Regina Welkie is a physician assistant in the Lehigh Valley region of Pennsylvania and has experience in surgery, internal medicine, and gastroenterology. Regina is also a faculty member in the DeSales University Physician Assistant Program in Center Valley, PA. She has a condition called Arrhythmogenic Right Ventricular Cardiomyopathy (ARVC), a genetic heart condition associated with cardiac arrhythmias and sudden cardiac death and lives with an internal cardioverter defibrillator (ICD). Regina said the perspective she gained from being a patient with a cardiac condition truly changed her life and the way she practices medicine and educates her students.
Reginia realized she is fortunate to be alive and share her story. She hopes to use this amazing gift to be an advocate for others with heart conditions. Regina is excited to use her platform as a physician assistant and PA educator as well as a patient to bring awareness to arrhythmia syndromes and their significant roles in cardiac arrest and sudden cardiac death in young people. She hopes to convey the importance of recognizing symptoms and being persistent in reporting them.
"I am looking forward to being part of the SafeBeat Initiative to promote screening for cardiac conditions even before symptoms become evident and to save lives as a result!"
This is my story:
I was an athlete for most of my life. I played basketball, soccer, and ran track in school and as an adult had become an avid runner and cyclist. I initially began experiencing palpitations, difficulty catching my breath, and lightheadedness while exercising around the age of 32. I was evaluated by a physician and, as an otherwise healthy young woman, was felt at the time to have a benign arrhythmia likely related to anxiety and caffeine. I was reassured and, despite persistent and worsening symptoms, continued to exercise. My symptoms became more frequent and several times while running or cycling I would develop pounding in my chest and episodes of near fainting which required me to stop and even lie down. I voiced these complaints to my primary care physician who ordered a 24-hour Holter monitor. The results of this test showed multiple episodes of ventricular tachycardia (VT) with heart rates as high as 260 beats per minute. I was urgently admitted to the cardiac ICU, underwent extensive cardiac testing, and was found on an MRI to have a scar on my heart which led to the arrhythmia. I had a cardiac ablation to target the arrythmia which, unfortunately, was unsuccessful and subsequently led to placement of an internal cardioverter defibrillator (ICD). At the time, the diagnosis remained unclear, so I was given permission to begin exercising again. I was placed in a cardiac rehab program and was doing well getting back into my routine. I was running on a treadmill during the last week of rehab and suddenly my chest started pounding and I felt dizzy. I heard the staff telling me to stop the treadmill and before I could take action, my ICD fired. Despite changes in activity and medications, I continued to have episodes of VT and was shocked by my ICD on another occasion while traveling in Europe. Recurrent arrhythmia led to further testing and procedures, including an epicardial ablation, which targeted the scar on the outside of my heart. The testing and procedures I underwent led to an eventual diagnosis of ARVC.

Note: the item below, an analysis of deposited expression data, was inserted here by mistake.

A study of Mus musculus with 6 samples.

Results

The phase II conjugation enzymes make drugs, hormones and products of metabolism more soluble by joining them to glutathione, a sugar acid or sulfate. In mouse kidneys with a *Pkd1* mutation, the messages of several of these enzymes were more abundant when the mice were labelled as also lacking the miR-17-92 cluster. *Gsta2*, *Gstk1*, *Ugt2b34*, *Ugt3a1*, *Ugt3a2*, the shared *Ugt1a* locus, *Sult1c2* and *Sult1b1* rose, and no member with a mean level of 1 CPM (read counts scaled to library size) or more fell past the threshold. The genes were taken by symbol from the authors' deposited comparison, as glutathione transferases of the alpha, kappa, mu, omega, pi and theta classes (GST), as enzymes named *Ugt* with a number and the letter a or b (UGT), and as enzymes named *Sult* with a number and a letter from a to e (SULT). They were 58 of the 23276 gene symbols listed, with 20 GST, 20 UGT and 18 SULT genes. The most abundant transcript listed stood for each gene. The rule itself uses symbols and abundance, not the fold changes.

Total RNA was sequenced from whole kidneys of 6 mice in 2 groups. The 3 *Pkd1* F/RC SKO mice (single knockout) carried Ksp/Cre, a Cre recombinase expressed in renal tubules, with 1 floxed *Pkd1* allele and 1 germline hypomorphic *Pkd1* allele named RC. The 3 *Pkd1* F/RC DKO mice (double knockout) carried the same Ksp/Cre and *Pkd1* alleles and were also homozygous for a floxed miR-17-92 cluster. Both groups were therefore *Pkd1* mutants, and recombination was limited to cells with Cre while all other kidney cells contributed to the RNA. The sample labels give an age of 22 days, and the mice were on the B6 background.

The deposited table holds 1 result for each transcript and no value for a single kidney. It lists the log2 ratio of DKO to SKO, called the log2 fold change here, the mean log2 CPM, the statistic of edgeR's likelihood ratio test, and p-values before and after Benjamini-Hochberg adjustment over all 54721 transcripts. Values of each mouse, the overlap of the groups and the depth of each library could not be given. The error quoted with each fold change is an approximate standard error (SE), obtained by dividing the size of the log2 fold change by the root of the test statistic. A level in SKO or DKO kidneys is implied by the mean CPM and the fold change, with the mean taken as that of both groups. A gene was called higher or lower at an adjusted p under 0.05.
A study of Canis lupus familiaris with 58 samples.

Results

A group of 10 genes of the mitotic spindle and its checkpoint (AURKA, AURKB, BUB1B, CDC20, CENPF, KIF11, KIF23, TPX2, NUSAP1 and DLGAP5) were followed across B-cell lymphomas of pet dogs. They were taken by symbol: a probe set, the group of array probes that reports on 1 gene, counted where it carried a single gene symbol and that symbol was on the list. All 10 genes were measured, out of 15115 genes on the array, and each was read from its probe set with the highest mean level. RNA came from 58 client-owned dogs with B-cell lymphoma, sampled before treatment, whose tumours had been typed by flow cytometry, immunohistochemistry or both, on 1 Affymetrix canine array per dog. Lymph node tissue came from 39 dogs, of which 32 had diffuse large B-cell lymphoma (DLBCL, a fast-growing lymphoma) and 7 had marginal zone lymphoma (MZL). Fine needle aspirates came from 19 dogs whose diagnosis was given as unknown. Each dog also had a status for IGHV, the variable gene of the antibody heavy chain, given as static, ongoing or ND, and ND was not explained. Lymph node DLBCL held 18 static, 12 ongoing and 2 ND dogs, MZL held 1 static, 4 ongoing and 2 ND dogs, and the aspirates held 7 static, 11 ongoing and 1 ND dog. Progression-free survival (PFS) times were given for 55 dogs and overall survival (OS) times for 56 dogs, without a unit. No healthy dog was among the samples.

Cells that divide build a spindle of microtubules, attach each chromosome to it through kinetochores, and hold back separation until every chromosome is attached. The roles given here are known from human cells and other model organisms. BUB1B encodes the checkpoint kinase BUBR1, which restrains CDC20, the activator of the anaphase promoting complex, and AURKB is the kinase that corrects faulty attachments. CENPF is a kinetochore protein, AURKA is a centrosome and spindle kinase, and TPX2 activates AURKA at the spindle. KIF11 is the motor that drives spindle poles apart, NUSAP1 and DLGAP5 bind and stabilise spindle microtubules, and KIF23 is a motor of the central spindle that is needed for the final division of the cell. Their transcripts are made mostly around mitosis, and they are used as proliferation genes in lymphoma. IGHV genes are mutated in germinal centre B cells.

ARVC is a genetic heart condition which causes normal heart tissue to turn to scar and can lead to ventricular tachycardia and is an important cause of sudden cardiac arrest and sudden cardiac death. This condition often presents in young athletes given the strain on the heart during exercise and can be fatal if not recognized. Arrhythmias can worsen and disease can progress into heart failure with continued endurance exercise, so those diagnosed with ARVC are advised to restrict activity. Since this condition often presents in athletes, these restrictions become difficult to accept for so many with this diagnosis. Running and cycling were outlets to relieve stress for me and had become important aspects of my daily life and identity and to have these things abruptly taken away was challenging to overcome. It took significant time, patience, and unending support from providers, family, and friends.
I have since found ways other than running and cycling to remain healthy. I can be found most days walking with my goldendoodle, Ilsa, practicing yoga, or golfing with my amazing husband! ARVC is a chronic heart condition, so while I haven’t allowed this diagnosis to define me, it has become an integral part of the person I have become. While my life may now literally have a different rhythm than before my diagnosis of ARVC, I have learned to more fully appreciate the life I’ve been given, to live more mindfully, and ultimately to take better care of myself and my heart!
In addition to my own story, I'd like to share the heart story of another brave fighter in my family. My niece, Charlotte, is currently 7 years old and was born with a congenital heart defect called Shone's complex. She had open heart surgery soon after birth to fix a coarctation of the aorta and is thriving!! She is a sassy, spunky, and active 7-year-old who is full of laughter and life! This is why it’s so important to screening kids who may not be as fortunate to have the resources Charlotte had and who live with undiagnosed heart conditions.